9 Fast Facts You Didn’t Know About the Indianapolis 500

It’s called “The Greatest Spectacle in Racing” and it takes place Memorial Day weekend to thrill of hundreds of thousands of spectators. The Indianapolis 500 is 500 miles – 200 laps around a 2.5-mile oval – of pure adrenaline. But there are some things about this venerable event that even the most die-hard racing fans may not know.

Driver Ray Harroun in his race car at the first Indianapolis 500 in 1911

1. Firestone Was There First

The inaugural Indianapolis 500 was held in 1911. Driver Ray Harroun crossed the finish line in first place in his Firestone-shod Marmon Wasp.

Early Indianapolis 500 race car with thin tires

2. Thin Was In

In 1911, Firestone’s Indy car tires were approximately 34 inches in diameter, and only 4.5 inches wide. A stark contrast to today’s Indy car tires, which measure just 27 inches in diameter and 15 inches wide.

Mario Andretti with race car at the Indianapolis Speedway in 1972

3. Get Your Groove On

Originally, grooves were hand cut into the tire’s rubber, as a way to improve grip, especially on a dirty speedway. Mario Andretti was the first driver to use ‘slicks’ at the Indianapolis Motor Speedway and by 1972, grooved tires had pretty much disappeared.

4. Slow & Steady Won the Race

In order to qualify for the Indianapolis 500 in 1911, cars were only required to run 75 mph down the front stretch. In comparison, the fastest qualifying time in 2017 was 232 mph, with the field average 228 mph.

5. The Need for Speed

In 1964, Indianapolis 500 winner A.J Foyt set a new speed record of 147.35 mph with his Firestone tires. He was also the first driver to complete the race at the Brickyard on just one set of rubber.

Indianapolis 500 Speedway filled with people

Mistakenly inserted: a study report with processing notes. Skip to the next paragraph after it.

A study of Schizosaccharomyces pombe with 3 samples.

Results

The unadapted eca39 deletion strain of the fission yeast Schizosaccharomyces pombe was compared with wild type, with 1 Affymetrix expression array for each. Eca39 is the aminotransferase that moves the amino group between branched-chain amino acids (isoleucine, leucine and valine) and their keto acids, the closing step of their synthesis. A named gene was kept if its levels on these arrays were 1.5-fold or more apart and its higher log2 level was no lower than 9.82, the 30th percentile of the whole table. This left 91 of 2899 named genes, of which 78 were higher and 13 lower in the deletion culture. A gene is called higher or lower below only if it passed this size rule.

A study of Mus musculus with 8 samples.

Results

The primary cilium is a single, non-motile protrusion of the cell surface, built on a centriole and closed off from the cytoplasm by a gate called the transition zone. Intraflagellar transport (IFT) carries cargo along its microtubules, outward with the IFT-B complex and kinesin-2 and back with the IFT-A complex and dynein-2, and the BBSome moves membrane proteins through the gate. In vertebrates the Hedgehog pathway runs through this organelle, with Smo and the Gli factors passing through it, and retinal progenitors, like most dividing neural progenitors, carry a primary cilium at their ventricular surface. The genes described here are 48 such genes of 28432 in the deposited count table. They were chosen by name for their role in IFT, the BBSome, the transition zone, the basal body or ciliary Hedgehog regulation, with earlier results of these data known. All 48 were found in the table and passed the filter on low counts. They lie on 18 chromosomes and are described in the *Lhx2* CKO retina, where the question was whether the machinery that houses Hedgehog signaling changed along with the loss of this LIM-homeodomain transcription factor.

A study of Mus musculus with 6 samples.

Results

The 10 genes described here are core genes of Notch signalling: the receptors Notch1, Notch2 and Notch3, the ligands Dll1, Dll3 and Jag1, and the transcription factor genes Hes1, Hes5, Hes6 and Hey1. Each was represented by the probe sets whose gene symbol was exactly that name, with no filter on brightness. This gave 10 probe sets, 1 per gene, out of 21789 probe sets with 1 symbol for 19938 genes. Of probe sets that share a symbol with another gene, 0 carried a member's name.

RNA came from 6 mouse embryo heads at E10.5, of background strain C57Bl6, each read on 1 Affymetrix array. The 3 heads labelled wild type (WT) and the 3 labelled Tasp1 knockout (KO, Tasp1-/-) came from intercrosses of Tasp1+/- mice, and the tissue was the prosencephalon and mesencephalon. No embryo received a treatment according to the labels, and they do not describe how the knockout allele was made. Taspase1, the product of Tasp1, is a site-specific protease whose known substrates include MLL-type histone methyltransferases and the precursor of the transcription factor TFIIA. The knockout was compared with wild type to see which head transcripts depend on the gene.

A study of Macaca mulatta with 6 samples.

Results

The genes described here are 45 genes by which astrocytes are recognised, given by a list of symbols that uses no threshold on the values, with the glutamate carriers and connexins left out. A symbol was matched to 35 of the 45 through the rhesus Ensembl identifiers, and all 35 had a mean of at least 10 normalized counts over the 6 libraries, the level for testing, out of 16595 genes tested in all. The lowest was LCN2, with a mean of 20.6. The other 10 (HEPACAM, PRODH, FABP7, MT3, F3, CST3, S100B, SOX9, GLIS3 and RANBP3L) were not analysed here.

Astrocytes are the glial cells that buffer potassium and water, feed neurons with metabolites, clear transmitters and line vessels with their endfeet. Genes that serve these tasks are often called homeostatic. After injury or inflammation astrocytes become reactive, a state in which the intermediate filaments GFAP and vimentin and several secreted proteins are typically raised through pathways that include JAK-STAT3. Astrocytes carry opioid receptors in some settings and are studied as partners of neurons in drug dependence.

6. The Bigger the Better

The track’s current dimensions – a 2.5-mile oval – are pretty much the same as when it was first constructed in 1909. In fact, it’s so big that no matter where you sit, you won’t be able to see the entire track in full.

Indy 500 winner pouring milk on his face

7. Got Milk?

Since 1936, tradition holds that the winner of the Indy 500 celebrates their victory with a bottle of milk. The beloved ritual is thought to have started when three-time winner, Louis Meyer cooled off with a bottle of buttermilk in Victory Lane. An executive with the Milk Foundation was so happy to see the moment captured in next day’s newspaper, he made sure to supply the beverage in the years following.

8. You Can Never Have Too Many Tires

Firestone provides about 5,000 tires for the Indianapolis 500 every year – with each entry getting 36 sets of tires for practice, qualifying and the race.

9. It’s Not in Indy

Yep, the Indianapolis 500 isn’t actually held in Indianapolis! The race is officially held in Speedway, IN – a municipality about 5 miles northwest of the capital city originally built to house workers for the raceway as well as local auto factories.